Wednesday, October 21, 2009

Girls' Poker Night: Jill A. Davis

Jill A. Davis was a comedic writer for the Late Show with David Letterman. This tidbit of information leads me to want to believe that she is going to be a Good Writer. In my opinion, A Good Writer is someone who knows the rules of fiction writing and adheres to them unless deviation is absolutely necessary for the sake of the story. The writing in Girls’ Poker Night is conversational with too much of the Late Show for my taste. Davis wanders as far from the rules of fiction as possible without entering the realm of the Beats, and for no apparent reason. Her conversational writing style doesn’t add to the mood of the novel. Instead, it exhausts me to the point of frustration. However! Once I became accustomed to the writing, the story itself—buried as it is—is charming.

For the first half of the book I wasn’t at all sure where it was going. There was no anchor to keep me hooked on the plot. Girls’ Poker Night is written in short vignette style scenes, sometimes related, but generally they read more like a series of random diary entries. There are a lot of characters to keep track of, and the wandering writing of Davis made me uncertain of which direction Ruby was headed. Is this a self-help book disguised as a novel about a woman who is forced to muster up her courage? Or is it a trite Sex and the City style romance novel? The truth is, it’s kind of both.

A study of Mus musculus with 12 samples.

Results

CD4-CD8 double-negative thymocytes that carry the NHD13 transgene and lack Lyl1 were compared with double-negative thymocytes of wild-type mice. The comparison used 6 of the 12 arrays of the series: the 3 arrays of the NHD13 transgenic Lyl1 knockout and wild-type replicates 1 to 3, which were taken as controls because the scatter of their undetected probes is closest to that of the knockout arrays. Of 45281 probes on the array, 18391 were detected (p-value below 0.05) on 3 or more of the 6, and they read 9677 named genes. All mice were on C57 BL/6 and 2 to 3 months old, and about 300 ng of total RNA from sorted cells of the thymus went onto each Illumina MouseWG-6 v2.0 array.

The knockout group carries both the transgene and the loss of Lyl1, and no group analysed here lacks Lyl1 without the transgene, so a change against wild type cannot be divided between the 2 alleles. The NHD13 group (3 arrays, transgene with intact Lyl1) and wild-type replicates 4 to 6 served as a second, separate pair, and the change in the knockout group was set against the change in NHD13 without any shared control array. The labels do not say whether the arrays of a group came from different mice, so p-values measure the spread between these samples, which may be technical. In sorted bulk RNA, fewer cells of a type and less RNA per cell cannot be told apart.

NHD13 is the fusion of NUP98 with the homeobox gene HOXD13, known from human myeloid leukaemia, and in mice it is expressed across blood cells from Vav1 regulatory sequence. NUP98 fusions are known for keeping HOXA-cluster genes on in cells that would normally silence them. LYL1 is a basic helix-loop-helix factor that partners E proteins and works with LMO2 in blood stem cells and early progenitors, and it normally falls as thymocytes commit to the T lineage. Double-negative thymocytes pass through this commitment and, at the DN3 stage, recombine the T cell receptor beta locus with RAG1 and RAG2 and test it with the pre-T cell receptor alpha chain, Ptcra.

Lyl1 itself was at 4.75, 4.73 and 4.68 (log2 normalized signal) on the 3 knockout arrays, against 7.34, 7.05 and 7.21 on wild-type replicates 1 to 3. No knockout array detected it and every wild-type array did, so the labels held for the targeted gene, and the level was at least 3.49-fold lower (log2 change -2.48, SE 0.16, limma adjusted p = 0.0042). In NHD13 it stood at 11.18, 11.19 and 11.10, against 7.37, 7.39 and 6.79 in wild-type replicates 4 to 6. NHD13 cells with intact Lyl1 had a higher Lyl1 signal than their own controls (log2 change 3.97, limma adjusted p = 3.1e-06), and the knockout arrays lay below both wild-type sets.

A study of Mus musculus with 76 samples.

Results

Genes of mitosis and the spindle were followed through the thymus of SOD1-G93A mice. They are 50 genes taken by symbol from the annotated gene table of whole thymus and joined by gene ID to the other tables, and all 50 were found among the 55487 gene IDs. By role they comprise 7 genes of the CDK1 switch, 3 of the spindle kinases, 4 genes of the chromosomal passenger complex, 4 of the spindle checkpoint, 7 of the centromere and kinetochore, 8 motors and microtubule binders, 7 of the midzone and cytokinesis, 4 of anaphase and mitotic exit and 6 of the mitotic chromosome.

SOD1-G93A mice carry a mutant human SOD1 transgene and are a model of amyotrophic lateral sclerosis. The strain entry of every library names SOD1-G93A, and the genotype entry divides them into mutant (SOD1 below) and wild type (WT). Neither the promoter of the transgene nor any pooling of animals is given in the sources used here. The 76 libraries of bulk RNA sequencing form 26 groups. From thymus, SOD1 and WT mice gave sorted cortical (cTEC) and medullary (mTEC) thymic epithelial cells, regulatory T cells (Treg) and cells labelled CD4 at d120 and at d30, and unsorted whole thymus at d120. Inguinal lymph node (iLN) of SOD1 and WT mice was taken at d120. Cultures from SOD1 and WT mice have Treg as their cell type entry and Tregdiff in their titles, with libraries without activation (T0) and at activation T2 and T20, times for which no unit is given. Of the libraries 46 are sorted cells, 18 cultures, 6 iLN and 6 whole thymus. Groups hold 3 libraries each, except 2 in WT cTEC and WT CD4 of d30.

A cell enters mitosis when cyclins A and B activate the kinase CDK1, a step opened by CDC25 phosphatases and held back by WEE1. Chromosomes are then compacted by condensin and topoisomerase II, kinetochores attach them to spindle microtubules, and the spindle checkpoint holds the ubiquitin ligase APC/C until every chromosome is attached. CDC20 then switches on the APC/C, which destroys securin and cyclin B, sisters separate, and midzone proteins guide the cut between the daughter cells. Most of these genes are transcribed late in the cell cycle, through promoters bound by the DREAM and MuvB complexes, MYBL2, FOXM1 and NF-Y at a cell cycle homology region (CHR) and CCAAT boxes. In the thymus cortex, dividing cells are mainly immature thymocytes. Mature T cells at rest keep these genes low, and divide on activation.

Ruby Capote is a humor columnist who sets out to change her life. She leaves her somewhat odd boyfriend and the boring, go-nowhere life she has, in exchange for a job in New York. She reunites with some of the girls from college and starts up a venting circle in the guise of a Poker Night (hence the title). In her New York life, Ruby is forced to muster up the courage to face her personal fears regarding relationships—fears that many of us might relate to all too well! While simultaneously taming psychological demons, Ruby enters into an unstable relationship with the perfect man, who just happens to be her boss.

A reader like me is commiserating with Ruby one moment, and hollering at her idiocy in the next. Anyone who has struggled with relationships will want to warn Ruby against foolish mistakes, while also empathizing with her choices. She is a completely relatable character who also happens to be hilariously witty. While I don’t love the conversational writing style, I do love Ruby’s quips and clever insights.

I realize that my review of Girls’ Poker Night might seem unclear, so I’ll simplify. Writing? Not so great. Plot? Relatable. Main Character? Charming!

1 comment:

  1. Interesting that a strong main character can completely carry the book (well, it got published) even though the rest is a bit clunky. I think I prefer that the setting carries. But, then there would need to be at least a few interesting characters, too.